When I looked down, I saw fifteen eyes staring back at me. Mr. Ethan, my conductor with the comforting Santa Claus mustache, had marked my score with hand-drawn eyes, saying, “These are the places we need to make eye contact.” Before the New York Concerto Competition winner’s concert, I felt nervously excited and took a deep breath, imagining the fantastic scenes I had mapped out for each movement.
For weeks, the hardest part of practicing had been finding the emotion hidden inside the notes, an enterprise like recreating the perfumed scent of an old blossom folded within a book. Technical perfection could be learned after just a few hours spent with an étude, but the passion behind the performance required imagination from the soul.
With the concert’s opening crash of golden cymbals, I closed my eyes and envisioned the ebb and flow of the opening theme of Prokofiev’s Concerto No. 1. I froze, shocked by the fast tempo, my stomach in turmoil; I couldn’t match the orchestra’s pulse, not at a clip at least twenty beats faster than we had rehearsed. The call of the brass seemed to signal impending doom–mine!
My heart started throbbing to the rhythm of the snare drum, their beats synchronizing. I embodied the music, my breath in harmony with the motions of Mr. Ethan’s baton. Concentrate, I commanded myself. In lessons, when my hand slipped off the keys, my teacher would scold me, not for the technical error, but for the lapse in concentration. “Warm heart and cool mind,” she always advised me. “Mental control.”
Back straight, because a question-mark spine would block energy, I pushed off from the balls of my feet, a charge zipping through my legs to my shoulders, arms and fingers. I had become synchronized and had followed all the rules, but I saw that these were not enough, that technique could take me only so far. Then I let myself go. I stilled the butterflies in my stomach and dove into the melodious wave of the first phrase, boosted by the fifty musicians surrounding me. The energy exploding from the intense crescendos flooded through me, raced through my veins; the beat pulsed in my blood, scene after scene of fox hunts, mischievous imps, and glittering ballrooms keeping the music alive.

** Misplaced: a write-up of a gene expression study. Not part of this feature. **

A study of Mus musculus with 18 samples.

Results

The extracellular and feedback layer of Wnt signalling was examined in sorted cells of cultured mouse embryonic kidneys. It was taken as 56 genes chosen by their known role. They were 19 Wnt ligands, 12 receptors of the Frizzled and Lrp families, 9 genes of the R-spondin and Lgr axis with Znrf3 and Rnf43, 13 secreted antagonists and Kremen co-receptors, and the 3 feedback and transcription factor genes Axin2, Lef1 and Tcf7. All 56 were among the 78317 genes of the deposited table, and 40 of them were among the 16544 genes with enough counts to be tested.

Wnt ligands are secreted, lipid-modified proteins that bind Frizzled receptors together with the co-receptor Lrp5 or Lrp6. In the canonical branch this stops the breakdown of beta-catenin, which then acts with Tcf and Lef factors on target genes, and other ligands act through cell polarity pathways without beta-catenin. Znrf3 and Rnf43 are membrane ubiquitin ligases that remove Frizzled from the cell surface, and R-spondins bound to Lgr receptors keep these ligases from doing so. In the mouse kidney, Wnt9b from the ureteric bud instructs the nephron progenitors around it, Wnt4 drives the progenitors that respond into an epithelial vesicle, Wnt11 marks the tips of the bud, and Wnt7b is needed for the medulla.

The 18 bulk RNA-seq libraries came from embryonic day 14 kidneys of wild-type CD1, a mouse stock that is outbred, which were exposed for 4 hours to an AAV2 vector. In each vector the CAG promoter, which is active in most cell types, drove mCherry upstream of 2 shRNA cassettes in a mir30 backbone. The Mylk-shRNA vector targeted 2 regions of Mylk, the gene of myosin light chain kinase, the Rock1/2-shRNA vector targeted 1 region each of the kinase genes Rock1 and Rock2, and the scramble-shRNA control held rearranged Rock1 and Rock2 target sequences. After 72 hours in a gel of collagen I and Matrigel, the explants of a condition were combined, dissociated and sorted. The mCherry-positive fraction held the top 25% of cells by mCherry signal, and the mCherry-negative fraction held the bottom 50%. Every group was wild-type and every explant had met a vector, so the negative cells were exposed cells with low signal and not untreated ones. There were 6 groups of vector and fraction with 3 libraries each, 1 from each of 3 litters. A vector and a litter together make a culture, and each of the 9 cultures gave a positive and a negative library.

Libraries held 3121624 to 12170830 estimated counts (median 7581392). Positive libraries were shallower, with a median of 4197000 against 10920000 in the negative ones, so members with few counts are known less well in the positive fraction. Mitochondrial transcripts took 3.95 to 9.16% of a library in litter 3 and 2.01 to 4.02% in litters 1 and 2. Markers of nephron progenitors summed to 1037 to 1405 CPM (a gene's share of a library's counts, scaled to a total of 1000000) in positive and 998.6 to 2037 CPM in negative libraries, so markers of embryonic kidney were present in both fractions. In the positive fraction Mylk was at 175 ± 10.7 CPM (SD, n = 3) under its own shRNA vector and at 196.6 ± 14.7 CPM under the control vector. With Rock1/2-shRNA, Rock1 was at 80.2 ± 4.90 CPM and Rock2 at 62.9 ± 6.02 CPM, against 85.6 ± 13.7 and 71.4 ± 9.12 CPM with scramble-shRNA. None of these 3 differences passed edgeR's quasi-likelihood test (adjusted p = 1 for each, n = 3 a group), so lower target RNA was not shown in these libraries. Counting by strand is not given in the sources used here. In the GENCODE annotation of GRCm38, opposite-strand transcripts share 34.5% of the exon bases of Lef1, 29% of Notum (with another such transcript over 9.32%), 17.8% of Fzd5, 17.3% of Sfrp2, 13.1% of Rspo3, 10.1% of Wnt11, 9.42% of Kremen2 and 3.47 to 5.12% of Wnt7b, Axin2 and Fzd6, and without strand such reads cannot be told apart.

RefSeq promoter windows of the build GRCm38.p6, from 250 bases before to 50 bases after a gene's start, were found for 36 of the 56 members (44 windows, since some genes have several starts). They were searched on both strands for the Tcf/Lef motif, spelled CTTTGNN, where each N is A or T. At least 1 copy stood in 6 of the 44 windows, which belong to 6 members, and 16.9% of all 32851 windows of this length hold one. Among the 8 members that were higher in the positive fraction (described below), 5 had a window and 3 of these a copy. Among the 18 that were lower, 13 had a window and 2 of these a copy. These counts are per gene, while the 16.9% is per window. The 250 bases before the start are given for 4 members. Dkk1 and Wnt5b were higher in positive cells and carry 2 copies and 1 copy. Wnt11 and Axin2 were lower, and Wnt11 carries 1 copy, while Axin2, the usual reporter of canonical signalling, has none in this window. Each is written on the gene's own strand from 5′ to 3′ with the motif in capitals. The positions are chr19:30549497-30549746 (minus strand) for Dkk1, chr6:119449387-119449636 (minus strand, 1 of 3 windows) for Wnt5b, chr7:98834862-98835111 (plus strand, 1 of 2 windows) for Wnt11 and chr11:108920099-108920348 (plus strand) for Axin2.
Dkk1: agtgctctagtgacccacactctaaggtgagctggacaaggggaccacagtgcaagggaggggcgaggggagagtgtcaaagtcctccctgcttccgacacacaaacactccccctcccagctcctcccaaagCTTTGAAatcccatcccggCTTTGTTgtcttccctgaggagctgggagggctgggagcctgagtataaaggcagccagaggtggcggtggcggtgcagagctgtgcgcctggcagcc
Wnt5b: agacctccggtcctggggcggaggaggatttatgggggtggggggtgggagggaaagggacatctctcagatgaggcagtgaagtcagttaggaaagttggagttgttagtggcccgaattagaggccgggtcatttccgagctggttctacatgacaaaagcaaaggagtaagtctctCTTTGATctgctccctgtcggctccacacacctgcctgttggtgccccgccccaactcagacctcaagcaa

The concerto began to wind up. Drawing on my swimming training, the straining push for the last sprint, I filled my lungs. I no longer needed to remember the eyes on the sheet music. I was performing from a different place beyond notations and technique. The iron-lunged trumpeters, the tinkling glockenspiel, all accompanied me in sending the rich harmonies spinning and dancing around the hall. To the last of my mental snapshots, the driving percussion and triumphant, final outcry of the orchestra propelled us across the finish line.
With a bob of the conductor’s white mustache, fifty players simultaneously expelled their breath. The music had come alive, and from the corner of my eye, I saw powdery creased flowers explode into fresh blossoms.